How spouses use transferred GI Bill benefits


The Post 9/11 GI Bill is one of the most popular benefits of military service, and many families find that they get maximum benefit by transferring those benefits to the service member’s spouse.  The process to transfer and use the benefits can seem overwhelming, but it’s not really that hard.  You can get personalized assistance from the Education Counselors on your base and/or the person at your school who handles Department of Veterans Affairs (VA) benefits, but it is good to know the basics (and where to find the details) yourself.

Transferring Benefits

Transferring Post 9/11 GI bill benefits to a spouse is permitted when the service member has six years of service, and requires that the service member serve another four years.  In practice, this means that their current enlistment must take them to at least four years from the date of transfer.  Many folks find that they need to wait until re-enlistment to transfer their benefits.  Benefits are transferred using the Transfer of Educational Benefits process at the Milconnect website.

Using The Benefits

Spouses may begin using transferred benefits immediately.  Start the process by filling out VA Form 22-1990E (Application for Family Member to Use Transferred Benefits) or by using the much easier online form.  Within about 30 days, you’ll either receive a Certificate of Eligibility in the mail.  If, for some reason, your eligibility was denied, you’ll also receive the denial via the mail.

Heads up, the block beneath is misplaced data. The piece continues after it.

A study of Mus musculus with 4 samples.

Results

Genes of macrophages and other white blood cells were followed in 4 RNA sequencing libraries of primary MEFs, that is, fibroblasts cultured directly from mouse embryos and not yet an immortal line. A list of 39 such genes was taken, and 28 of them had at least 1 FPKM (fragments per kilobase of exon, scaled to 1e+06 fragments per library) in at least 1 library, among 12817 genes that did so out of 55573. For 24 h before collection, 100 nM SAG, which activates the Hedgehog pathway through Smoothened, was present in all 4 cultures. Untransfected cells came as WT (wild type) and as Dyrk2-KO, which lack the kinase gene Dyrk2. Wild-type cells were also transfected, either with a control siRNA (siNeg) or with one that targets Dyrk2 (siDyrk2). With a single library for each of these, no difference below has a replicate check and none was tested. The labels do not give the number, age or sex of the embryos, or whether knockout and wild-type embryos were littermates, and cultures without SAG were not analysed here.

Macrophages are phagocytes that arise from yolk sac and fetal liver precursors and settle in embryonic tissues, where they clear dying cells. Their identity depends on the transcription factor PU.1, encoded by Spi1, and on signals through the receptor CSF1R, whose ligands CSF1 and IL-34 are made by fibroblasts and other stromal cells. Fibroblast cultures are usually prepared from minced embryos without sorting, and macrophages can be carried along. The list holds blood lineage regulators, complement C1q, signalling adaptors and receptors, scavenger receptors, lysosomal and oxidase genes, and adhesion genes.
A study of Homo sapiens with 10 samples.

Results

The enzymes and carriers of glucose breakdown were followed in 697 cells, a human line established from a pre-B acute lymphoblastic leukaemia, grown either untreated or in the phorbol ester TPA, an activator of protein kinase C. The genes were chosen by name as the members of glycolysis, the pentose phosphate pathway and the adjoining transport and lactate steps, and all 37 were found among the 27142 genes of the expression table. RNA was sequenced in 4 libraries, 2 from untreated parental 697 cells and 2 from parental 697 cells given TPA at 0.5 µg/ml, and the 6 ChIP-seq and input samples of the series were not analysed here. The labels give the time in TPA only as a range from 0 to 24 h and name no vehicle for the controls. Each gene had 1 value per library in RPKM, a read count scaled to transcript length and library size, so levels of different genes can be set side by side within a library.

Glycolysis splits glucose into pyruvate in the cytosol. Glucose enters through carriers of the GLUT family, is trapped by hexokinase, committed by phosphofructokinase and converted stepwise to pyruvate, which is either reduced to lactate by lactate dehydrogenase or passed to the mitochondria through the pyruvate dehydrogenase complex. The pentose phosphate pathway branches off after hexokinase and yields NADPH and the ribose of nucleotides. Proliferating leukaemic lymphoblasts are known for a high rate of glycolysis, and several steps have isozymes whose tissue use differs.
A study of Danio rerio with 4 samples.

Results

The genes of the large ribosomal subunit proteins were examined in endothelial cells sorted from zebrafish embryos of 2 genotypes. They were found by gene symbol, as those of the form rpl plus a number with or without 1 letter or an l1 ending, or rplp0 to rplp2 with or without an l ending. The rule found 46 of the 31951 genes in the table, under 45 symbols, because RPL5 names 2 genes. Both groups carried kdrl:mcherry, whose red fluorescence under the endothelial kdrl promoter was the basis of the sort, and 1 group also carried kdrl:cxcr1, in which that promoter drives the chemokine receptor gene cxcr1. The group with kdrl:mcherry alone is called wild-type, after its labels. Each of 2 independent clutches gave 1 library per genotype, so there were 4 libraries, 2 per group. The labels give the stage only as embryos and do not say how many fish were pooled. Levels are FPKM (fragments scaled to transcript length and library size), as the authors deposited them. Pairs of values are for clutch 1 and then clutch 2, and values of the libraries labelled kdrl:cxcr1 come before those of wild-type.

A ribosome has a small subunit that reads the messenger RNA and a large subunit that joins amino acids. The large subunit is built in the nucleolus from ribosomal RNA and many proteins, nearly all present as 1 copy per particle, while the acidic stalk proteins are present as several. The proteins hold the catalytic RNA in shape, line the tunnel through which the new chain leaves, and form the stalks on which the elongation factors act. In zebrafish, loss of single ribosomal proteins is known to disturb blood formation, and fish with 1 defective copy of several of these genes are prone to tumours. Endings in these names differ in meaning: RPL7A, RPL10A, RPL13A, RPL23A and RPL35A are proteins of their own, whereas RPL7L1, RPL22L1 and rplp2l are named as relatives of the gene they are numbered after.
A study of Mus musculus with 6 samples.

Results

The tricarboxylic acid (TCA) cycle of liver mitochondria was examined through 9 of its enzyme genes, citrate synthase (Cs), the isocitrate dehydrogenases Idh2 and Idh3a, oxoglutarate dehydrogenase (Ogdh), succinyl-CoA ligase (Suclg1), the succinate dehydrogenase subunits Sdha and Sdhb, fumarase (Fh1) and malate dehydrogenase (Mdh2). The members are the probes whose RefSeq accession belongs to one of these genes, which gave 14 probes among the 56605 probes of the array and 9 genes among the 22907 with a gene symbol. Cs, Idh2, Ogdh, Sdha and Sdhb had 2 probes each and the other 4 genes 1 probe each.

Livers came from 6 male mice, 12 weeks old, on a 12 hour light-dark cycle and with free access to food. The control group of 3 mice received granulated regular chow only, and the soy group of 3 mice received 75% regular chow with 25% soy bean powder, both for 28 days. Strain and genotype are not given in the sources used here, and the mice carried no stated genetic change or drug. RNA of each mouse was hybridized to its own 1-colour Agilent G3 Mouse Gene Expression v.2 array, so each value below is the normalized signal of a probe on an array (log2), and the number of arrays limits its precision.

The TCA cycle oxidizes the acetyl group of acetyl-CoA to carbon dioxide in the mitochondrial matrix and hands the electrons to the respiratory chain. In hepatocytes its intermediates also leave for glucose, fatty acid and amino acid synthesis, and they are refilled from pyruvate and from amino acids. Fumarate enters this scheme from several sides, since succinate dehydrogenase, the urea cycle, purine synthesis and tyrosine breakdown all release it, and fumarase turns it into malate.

While you’re waiting for your forms from the VA, talk to the VA benefits representative at your school.  These folks are usually experts.

What You’ll Receive

There are three basic parts to the Post 9/11 GI Bill benefits.

The GI Bill pays 100% of tuition and fees, up to the maximum in-state tuition for public schools and up to $22,805.34 per academic year for private or foreign schools.  If you attend a more expensive private school, or you are unable to obtain in-state tuition rates for some reason, you may be eligible for additional benefits under the Yellow Ribbon program.

A $1,000 yearly books and supplies stipend is paid proportionally based upon your enrollment, at a rate of $41.67 per credit hour up to $500 per semester.

A Monthly Housing Allowance (MHA) is available to spouses only if their service member is no longer serving and receiving Basic Allowance for Housing (BAH.)  The MHA rate is based upon the location of the school and the date you started using your benefits.  (See The New Forever GI Bill – What It Means For You for more information about recent changes to MHA.)

By Kate Horrell, Military.com


  1. Can retiree transfer the Post 9/11 to kids or spouse, I wasn’t aware that you had to do it prior to retiring. I wish I was told at TAP class.